Author: Terra Firma Tackle
Species Profile: Shovelnose Guitarfish (Rhinobatos productus)
The Shovelnose Guitarfish (Rhinobatos productus) is of only three members of the guitarfishes found in California and is easily the largest of the three species. Easily distinguished from its relatives by its lack of patterned skin and larger size in addition to its more elongated and triangular body. These fish can be found from Central California to Baja and are numerous throughout their range. They feed on or near the bottom and bear live young like other members of the family. Spirited fighters and reaching up to 7 feet in length these fish are sought after not only for their sport qualities, but also their excellent table fare.
Shovelnose, Shovelhead, Shovel, Taco Shark, Mexican Halibut
Shovelnose can be targeting with equal effectiveness from both the pier and the surf. If looking for the bigger grade fish over a few feet in length, the sides of the pier just behind the breakers are the best choice. Finbait is a good starting point, herring, smelt, perch and even croakers are good options, especially when fished alive. Sardines however are hard to beat when it comes to shovelnose bait. Stomach contents of harvested fish seem to indicate that they feed a lot on swimmer crabs as well, but a lack of steady supply renders these difficult to utilize as a hookbait.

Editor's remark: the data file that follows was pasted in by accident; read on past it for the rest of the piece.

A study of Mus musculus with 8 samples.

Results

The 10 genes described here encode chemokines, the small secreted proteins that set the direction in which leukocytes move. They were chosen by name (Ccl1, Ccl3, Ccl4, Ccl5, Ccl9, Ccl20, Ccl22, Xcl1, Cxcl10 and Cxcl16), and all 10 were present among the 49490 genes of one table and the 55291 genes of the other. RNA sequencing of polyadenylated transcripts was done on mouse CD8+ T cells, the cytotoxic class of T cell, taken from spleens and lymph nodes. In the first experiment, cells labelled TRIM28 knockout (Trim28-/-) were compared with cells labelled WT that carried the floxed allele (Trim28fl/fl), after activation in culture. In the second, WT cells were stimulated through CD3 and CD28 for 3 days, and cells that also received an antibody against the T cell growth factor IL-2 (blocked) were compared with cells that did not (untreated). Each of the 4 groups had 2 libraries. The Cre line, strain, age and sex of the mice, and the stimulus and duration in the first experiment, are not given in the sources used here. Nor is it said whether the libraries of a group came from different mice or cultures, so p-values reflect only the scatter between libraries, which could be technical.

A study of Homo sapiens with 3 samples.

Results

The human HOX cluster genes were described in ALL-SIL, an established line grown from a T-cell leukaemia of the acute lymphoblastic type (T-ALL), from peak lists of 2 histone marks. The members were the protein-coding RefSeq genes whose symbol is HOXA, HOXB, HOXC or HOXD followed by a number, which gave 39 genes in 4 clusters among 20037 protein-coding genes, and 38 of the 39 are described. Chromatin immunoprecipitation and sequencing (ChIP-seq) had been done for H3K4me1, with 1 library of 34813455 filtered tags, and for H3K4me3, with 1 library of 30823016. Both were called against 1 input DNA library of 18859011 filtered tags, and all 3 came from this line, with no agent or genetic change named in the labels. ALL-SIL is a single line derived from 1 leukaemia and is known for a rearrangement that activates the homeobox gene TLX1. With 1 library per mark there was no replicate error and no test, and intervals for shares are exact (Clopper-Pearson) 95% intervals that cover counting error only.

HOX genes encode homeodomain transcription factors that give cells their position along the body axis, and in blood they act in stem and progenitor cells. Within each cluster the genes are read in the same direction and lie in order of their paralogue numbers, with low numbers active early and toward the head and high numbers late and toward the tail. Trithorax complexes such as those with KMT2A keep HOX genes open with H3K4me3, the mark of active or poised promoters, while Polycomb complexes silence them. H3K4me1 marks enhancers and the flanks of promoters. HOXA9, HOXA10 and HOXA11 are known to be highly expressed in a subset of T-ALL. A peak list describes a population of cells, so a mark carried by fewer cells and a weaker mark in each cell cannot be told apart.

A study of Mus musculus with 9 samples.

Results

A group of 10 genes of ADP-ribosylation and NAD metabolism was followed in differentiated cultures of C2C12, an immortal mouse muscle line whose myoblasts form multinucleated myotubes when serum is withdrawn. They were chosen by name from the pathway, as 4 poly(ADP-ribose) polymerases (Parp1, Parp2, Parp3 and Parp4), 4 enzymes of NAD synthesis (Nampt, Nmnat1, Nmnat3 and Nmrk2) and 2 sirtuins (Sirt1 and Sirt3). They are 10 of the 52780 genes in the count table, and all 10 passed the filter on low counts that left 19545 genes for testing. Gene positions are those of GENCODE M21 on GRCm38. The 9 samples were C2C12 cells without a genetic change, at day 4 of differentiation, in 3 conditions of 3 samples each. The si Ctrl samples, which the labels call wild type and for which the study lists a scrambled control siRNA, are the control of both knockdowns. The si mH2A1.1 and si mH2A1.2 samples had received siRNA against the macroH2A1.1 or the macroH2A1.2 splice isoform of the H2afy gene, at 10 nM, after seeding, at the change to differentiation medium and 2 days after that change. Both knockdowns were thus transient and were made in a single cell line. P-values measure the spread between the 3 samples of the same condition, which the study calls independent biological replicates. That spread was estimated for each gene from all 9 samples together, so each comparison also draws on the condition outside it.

Shovelnose are not drag burning fish, but they are indeed strong fighters capable of testing the anglers tackle. The fight is usually slow, dogging runs and bottom hugging with occasional bursts of speed. 40lb tackle is more than adequate for shovelnose fishing and 20lb line is more sporting.
From the surf rigs like the Loop Rig, Pulley Rig, or even the basic Carolina/Fishfinder rig are all good options. There is no need for wire when shovelnose fishing, but in the event that another shark takes the bait be prepared for a cut off. From the pier slidebaiting is a viable option and using weighted non-return sliders is a good idea to get the bait down as fast as possible. A favorite bait from the pier is a live herring on a light fluorocarbon leader (60-80lb). These fish do tend to be a little line shy and more fish will definitely be caught on lighter leaders than on heavy or stiff terminal gear.
Shovelnose are common all along the Southern California coast, but Orange County and LA County tend to hold more fish than other places. Look for areas of sand beaches, preferably adjacent to jetties or submerged structure as these areas provide the soft substrate the shovelnose like as well as bait holding areas.
Summer is the best bet for these fish. Fish around the grunion runs and on big tide swings and be prepared. Usually when one is found several others are fast behind!
Thanks for reading! For more information and rigs for targeting these fish please check out our own website at TerraFirmaTackle.com!